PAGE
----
Race is a social construct; it doesn’t exist. Governments have tried for years to make us the Indian race, then the First Nations race and the Aboriginal race. But we are not a race. We’re Indigenous nations. – Wab Kinew.
There is absolutely no doubt that Métis existed and thrived in the Eastern parts of “Nouvelle France” and Acadia; enough empirical evidence has been provided to that effect.
The discussion in some circles has more to do with the concept of historic Métis communities, and whether such entities exist or existed East of the Great Lakes.
Métis communities West of the Great Lakes have received much of the attention, and all of the funding required to produce advocacy and research regarding their historic communities. Due to the Métis Scrip, which was designed to extinguish Aboriginal title (more about the subject here), there are recent written records of families and their communities.
Sociologist Gérard Bouchard has it partially right: the Catholic Church, who was heavily involved in governing here, from the days of Nouvelle France right up to the late 1960s, strongly discouraged the mixing of Indigenous People and their pious, Pure Laine Catholic brethren.
Where Bouchard has it wrong, it is to homogenize the Kébec Métis within the general population of Québec to assert the narrative of the French as original People. Most mixed marriages chose to move away from early Settlements.
Couples of mixed marriages did not mix with the general population. Métis were most often shunned by Pure Laine Settlers, likely due to the kidnapping and / or murder of some early Colonials by Aboriginals.
Very little research has been done to help us understand why some Settlers fell victims of Aboriginals, while some others did not.
My first paternal, Colonial ancestor, Jacques Brisset, arrived in Canada before 1648. He was “kidnapped” by Aboriginals after 1656 and “released” after July 1660. I deliberately use quotation marks, because I have found no evidence to support why he would have survived while many more Settlers were quickly killed. Why would Aboriginals feed, clothe and shelter some random White guy? Why did he survive, when many didn’t? Did Settlers use the term “kidnap” as a measure to scare away other Settlers from mixed marriages, and ostracize those who did marry Aboriginals?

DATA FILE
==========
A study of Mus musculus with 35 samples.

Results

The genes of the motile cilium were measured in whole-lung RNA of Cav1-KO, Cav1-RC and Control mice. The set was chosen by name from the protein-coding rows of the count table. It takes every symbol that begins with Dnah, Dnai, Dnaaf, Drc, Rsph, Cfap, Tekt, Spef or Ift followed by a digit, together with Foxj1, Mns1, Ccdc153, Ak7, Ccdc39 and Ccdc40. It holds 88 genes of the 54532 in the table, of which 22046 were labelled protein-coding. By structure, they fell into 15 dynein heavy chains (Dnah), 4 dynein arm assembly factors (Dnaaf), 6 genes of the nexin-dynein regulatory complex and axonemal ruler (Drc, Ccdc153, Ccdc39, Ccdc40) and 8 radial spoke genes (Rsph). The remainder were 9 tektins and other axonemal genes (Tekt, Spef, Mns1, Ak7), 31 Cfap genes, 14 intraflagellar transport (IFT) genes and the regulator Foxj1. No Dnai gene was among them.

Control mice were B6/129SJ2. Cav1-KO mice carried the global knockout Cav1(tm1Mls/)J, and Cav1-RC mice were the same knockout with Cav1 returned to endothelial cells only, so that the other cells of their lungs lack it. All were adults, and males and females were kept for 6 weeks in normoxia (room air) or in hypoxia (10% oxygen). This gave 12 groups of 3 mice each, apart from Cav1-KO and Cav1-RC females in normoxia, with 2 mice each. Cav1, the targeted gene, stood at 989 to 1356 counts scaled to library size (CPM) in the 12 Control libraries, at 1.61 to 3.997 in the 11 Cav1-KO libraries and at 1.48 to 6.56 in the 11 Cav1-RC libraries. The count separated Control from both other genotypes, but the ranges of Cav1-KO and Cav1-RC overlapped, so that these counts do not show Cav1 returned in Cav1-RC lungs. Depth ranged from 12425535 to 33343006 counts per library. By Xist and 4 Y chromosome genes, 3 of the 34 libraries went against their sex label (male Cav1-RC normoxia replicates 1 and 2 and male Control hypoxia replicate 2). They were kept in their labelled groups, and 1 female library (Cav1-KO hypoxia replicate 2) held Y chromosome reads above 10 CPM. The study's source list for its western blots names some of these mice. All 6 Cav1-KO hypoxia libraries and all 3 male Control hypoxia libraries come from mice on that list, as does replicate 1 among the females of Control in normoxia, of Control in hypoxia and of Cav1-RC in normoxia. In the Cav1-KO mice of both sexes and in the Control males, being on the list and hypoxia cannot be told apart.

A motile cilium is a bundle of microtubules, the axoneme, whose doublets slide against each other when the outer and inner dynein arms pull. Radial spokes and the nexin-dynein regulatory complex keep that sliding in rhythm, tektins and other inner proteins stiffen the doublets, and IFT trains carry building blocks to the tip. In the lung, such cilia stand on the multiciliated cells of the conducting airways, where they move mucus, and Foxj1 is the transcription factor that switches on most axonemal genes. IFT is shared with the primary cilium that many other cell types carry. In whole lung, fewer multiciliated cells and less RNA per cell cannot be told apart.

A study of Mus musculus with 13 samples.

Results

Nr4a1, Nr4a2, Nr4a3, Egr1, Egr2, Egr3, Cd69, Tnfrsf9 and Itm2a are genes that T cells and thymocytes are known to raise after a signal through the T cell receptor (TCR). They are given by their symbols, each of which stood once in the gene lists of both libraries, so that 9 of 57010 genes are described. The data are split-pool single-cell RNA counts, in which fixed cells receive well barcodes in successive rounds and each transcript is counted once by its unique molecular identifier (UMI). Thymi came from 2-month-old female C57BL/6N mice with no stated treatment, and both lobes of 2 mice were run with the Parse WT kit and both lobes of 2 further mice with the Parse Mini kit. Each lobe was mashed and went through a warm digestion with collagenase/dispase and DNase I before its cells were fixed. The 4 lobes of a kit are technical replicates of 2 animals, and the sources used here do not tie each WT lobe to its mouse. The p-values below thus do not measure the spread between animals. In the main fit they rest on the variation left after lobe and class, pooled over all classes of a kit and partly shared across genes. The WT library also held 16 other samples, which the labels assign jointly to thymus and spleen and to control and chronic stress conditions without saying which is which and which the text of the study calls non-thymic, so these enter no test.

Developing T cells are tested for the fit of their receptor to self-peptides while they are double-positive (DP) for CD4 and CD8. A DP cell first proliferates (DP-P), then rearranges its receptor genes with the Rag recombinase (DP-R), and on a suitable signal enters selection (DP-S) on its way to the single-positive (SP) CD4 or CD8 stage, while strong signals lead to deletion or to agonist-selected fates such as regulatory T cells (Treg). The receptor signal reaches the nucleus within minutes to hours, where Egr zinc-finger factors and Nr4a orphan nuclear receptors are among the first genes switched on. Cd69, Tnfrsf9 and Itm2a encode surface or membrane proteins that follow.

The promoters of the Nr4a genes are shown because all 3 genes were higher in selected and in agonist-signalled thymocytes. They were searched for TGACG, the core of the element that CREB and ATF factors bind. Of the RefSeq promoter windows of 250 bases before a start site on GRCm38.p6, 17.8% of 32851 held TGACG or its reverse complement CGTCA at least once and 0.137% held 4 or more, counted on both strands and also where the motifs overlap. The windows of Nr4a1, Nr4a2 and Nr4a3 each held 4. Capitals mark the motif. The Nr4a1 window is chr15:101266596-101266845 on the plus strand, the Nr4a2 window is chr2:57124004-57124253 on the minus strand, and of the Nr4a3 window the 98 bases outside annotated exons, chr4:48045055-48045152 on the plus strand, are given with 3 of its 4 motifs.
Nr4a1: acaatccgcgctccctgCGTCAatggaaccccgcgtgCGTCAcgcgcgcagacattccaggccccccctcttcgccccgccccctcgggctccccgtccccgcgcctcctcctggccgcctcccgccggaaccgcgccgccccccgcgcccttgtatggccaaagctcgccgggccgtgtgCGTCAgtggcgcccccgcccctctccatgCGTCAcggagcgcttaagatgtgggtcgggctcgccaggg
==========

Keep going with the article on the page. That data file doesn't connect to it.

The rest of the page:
We may never know. The study of early Settlers is limited to amateur genealogists, who present hypotheses like facts and those hypotheses are tainted by whichever bias they have. Which is why I use quotation marks to kidnap and released.
What we know is that Jacques was given a lot away from Trois-Rivières, on l’ile du milieu (St-Christophe) in March of 1655, along with the father of his future daughter-in-law, Pierre Dandonneau.
What we also know is that we cannot find any origins or marriage records for his wife Jeanne Fétis (or Fétéis or Fortier or Forestier or Forest). We know she’s not a “Fille du Roy” or a “Fille à Marier”, we know she didn’t arrive with Jacques, and we can’t find any record of her birth in France.
We do know that as more and more Settlers arrived in Nouvelle France, Jacques and his family moved West, away from the Settler population and deeper into Indigenous parts.
Jacques’ son, also named Jacques, purchased a Seigneurie with his brother-in-law Louis Dandonneau. The seigneurie is located several hours away West, on Ile Dupas, an island in the St-Lawrence river known to be the meeting place of Abénaki and Atikamekw Nations, and straight across from where is now the Odanak reserve.
The Bri(e)sset(te), Courchenes, Dupas all come from this common ancestor, and lived alongside the Abénaki, the Atikamekw and the Wendat Nations since then, intermarrying among ourselves and spreading North, South and, yes, West, past the Great Lakes.
Our historic communities surround Ile Dupas, in the Eastern parts of what is now called Lanaudière and Mauricie.
We are Kébec Métis. We are a Nation.
Oh, and Kébec is Algonquian for “where the river narrows”.